Sexual assault policies on campus: College students speak out via social media

Sexual Assault AwarenessIn the wake of the Steubenville rape case where two students were found guilty, colleges across the country are grappling with their own sexual assault policies (or lack thereof) in dealing with sexual assault reports and the culture of rape that surrounds victims and perpetrators. College students at several high-profile universities have claimed their schools botched rape cases among the student body over recent months and are stressing the importance of speaking out via social media. Doing so, they have started a new national conversation. They are pleading with college officials to ramp up education on sexual education and are pushing for more resources for counseling, health services and legal support. We, as college students, can make a difference. Silence and shame do not need to be tolerated. If you or someone you know has experienced sexual assault, find out how your peers are taking a stand. Read on to find out how others are making a difference.

Maximizing the Internet

Tumblr, Facebook, Twitter and blogs — these are the tools that are helping college students to spread the word about rape. In an article by the New York Times dated March 19, 2013, titled, “College Groups Connect to Fight Sexual Assault“, Richard Perez-Pena, reports that groups of university students and faculty have increasingly taken to the Internet to network with their peers at other colleges around the U.S. to take action. Students at Occidental College in Los Angeles, CA filed a civil rights case involving what they say has been the school administration’s mishandling of sexual misconduct. Those students had contacted the University of North Carolina at Chapel Hill who had taken pointers from students at Amherst College in Massachusetts, all of whom had experienced similar situations with their administrations.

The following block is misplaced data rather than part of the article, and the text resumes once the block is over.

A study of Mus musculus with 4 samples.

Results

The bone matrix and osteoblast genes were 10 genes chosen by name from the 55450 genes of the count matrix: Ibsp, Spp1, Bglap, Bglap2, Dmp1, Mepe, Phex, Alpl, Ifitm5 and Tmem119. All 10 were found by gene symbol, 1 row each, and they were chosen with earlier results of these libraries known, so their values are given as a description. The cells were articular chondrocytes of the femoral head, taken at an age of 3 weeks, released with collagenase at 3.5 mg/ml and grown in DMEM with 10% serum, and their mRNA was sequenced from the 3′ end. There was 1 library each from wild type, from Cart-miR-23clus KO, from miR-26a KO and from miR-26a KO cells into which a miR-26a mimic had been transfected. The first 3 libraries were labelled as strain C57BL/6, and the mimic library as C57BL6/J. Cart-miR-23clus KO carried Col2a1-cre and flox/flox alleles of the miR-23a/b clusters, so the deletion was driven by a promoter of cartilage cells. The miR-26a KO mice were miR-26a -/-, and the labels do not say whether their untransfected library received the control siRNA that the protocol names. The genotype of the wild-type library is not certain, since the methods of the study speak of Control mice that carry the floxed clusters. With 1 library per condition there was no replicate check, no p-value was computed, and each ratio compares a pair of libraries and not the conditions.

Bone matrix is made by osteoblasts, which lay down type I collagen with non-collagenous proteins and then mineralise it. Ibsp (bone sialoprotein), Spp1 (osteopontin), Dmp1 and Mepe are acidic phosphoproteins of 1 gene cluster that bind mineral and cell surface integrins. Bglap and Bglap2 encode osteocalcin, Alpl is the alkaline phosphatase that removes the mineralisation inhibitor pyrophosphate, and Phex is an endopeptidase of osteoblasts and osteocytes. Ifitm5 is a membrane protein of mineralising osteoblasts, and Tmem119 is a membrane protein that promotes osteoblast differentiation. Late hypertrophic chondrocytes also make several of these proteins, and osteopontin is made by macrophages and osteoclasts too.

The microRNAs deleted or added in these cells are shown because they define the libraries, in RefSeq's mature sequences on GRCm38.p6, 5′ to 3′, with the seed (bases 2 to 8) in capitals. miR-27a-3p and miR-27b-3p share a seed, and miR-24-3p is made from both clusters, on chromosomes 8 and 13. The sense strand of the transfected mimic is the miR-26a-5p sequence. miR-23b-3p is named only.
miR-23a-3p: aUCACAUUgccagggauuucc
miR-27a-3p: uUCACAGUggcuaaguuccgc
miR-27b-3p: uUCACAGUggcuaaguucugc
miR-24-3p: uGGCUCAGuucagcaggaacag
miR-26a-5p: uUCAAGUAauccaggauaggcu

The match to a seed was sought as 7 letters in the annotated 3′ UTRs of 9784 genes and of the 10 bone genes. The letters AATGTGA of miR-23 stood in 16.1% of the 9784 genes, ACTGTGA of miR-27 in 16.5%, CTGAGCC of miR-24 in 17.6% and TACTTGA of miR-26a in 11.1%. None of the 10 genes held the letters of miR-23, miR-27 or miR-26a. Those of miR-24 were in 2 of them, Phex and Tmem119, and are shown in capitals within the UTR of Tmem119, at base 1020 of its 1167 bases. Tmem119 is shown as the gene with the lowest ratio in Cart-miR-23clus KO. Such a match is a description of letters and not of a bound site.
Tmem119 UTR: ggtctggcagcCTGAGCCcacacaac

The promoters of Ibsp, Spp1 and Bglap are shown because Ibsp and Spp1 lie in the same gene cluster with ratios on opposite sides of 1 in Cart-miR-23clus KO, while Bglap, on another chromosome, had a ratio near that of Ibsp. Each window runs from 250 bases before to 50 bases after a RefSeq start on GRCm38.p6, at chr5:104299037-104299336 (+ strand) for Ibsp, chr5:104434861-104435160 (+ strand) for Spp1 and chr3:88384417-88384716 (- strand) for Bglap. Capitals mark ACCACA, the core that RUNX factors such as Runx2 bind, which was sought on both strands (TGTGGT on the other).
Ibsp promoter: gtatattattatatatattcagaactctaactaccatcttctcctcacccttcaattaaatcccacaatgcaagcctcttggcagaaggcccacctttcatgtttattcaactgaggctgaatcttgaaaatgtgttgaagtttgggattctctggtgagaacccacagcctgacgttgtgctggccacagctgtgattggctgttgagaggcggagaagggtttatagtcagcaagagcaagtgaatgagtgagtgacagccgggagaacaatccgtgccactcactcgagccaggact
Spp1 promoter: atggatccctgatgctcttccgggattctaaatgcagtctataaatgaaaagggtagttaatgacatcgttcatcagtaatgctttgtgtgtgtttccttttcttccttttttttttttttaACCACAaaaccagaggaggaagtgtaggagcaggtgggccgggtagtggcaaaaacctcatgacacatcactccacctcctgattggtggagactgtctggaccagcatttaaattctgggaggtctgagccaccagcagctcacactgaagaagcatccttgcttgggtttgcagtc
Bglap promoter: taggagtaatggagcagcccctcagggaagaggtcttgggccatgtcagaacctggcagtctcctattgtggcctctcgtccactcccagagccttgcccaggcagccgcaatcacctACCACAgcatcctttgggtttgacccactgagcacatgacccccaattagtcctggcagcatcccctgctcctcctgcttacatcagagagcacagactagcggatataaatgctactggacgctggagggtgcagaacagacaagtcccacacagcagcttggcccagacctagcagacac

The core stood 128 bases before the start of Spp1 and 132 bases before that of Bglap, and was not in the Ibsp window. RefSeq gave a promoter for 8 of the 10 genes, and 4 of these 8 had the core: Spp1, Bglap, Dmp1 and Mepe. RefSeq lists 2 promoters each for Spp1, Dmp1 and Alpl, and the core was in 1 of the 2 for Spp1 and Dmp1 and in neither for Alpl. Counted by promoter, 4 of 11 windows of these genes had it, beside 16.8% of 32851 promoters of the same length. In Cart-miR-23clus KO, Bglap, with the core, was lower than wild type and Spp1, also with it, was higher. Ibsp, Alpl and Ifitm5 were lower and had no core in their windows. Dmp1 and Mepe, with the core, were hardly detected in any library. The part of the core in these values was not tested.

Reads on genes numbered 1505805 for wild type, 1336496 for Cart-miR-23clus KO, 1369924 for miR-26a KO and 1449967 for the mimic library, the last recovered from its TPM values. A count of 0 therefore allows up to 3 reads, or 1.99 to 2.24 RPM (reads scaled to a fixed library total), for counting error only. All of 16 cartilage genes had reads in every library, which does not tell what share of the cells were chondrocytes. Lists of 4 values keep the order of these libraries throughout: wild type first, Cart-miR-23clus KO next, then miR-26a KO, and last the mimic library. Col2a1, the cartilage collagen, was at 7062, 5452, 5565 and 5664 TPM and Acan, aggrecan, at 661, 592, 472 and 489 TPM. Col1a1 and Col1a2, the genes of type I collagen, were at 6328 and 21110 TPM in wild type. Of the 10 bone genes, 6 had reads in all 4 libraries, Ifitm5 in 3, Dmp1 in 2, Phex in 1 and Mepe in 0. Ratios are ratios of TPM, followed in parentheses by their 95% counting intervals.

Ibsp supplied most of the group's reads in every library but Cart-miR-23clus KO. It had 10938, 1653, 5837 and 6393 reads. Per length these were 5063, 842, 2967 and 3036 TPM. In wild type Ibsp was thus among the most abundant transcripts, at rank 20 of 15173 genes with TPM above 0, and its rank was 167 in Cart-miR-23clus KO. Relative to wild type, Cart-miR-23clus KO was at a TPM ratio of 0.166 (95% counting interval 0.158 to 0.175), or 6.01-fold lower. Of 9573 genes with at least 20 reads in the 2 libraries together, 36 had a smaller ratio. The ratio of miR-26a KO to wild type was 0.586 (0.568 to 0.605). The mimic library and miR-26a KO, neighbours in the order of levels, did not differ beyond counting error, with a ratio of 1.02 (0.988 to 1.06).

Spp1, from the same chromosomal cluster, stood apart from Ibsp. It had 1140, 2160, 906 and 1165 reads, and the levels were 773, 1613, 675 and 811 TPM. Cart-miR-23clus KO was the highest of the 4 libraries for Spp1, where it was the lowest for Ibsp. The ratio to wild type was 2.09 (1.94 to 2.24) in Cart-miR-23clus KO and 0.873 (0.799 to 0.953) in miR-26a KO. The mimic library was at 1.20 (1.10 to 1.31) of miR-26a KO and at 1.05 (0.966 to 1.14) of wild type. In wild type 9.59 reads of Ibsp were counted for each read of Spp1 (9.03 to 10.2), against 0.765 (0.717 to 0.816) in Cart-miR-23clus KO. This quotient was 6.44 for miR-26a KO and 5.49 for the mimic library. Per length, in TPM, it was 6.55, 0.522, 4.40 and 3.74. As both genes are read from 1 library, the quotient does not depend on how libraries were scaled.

“Activists say the most important change the Internet has made is allowing victims to tell their stories — remaining anonymous if they choose, and reaching vast audiences,” Perez-Pena wrote.

“You don’t need to be in a survivors’ group meeting to hear these stories anymore,” said Dana Bolger, one of Amherst’s leading activists. “The human connection is the same, but social media lets you do it on a completely different scale.”

Statistics

The statistics on rape for college students is a disturbing read. According to the numbers, the likelihood that it could happen to you or someone you know is a reality check. Here are some of the figures reported by Sarah Lawrence College in “Statistics about Sexual Assault and College Campuses,” from a study compiled by the New York State Coalition Against Sexual Assault:

  • At least 1 in 4 college women will be the victim of a sexual assault during her academic career.
  • At least 80 percent of all sexual assaults are committed by an acquaintance of the victim.
  • 48.8 percent of college women who were victims of attacks did not consider what happened to them rape.
  • More than 70 percent of rape victims knew their attackers, compared to about half with other violent crime victims.
  • There are 35.3 incidents of sexual assault per 1,000 female students on a campus as recorded over a 6.91 month period.
  • On average, at least 50 percent of college students’ sexual assaults are associated with alcohol use.

How to get help

Looking to help a friend or loved one who has been a victim of sexual violence or rape? The key to helping someone who is most likely experiencing shock and anger is compassion. There are many resources to turn to for advice, aside from your campus resource center. Suzanna Bobadilla, a student at Harvard University, in a post to policymic.com, “College Sexual Assault: How Students Can Help Prevent Rape On Campus,” lists the following action items for those seeking support:

  • Listen. Don’t underestimate the importance of hearing out someone who may be reaching out to you for help.
  • Help empower your friend or loved one. Don’t put pressure on them to do something they aren’t ready to do yet.
  • Contact a Title IX coordinator. Most universities have these agencies to respond to gender-based discrimination.
  • Reach out to organizations like the Rape, Abuse, & Incest National Network and Male Survivor.
  • Call the National Sexual Assault Hotline: 1.800.656.HOPE.
  • “Support Campus SaVE (a national program that would require all college campuses to provide preventative sexual assault programming) and the 2013 version of the Violence Against Women Act that pledges $12,000,000 to fighting gender violence on American campuses every fiscal year from 2014 to 2018. It passed the Senate and is awaiting House approval. Call your rep today!”

Question to readers: How does your campus handle sexual assault reports? Do you agree or disagree with its policies?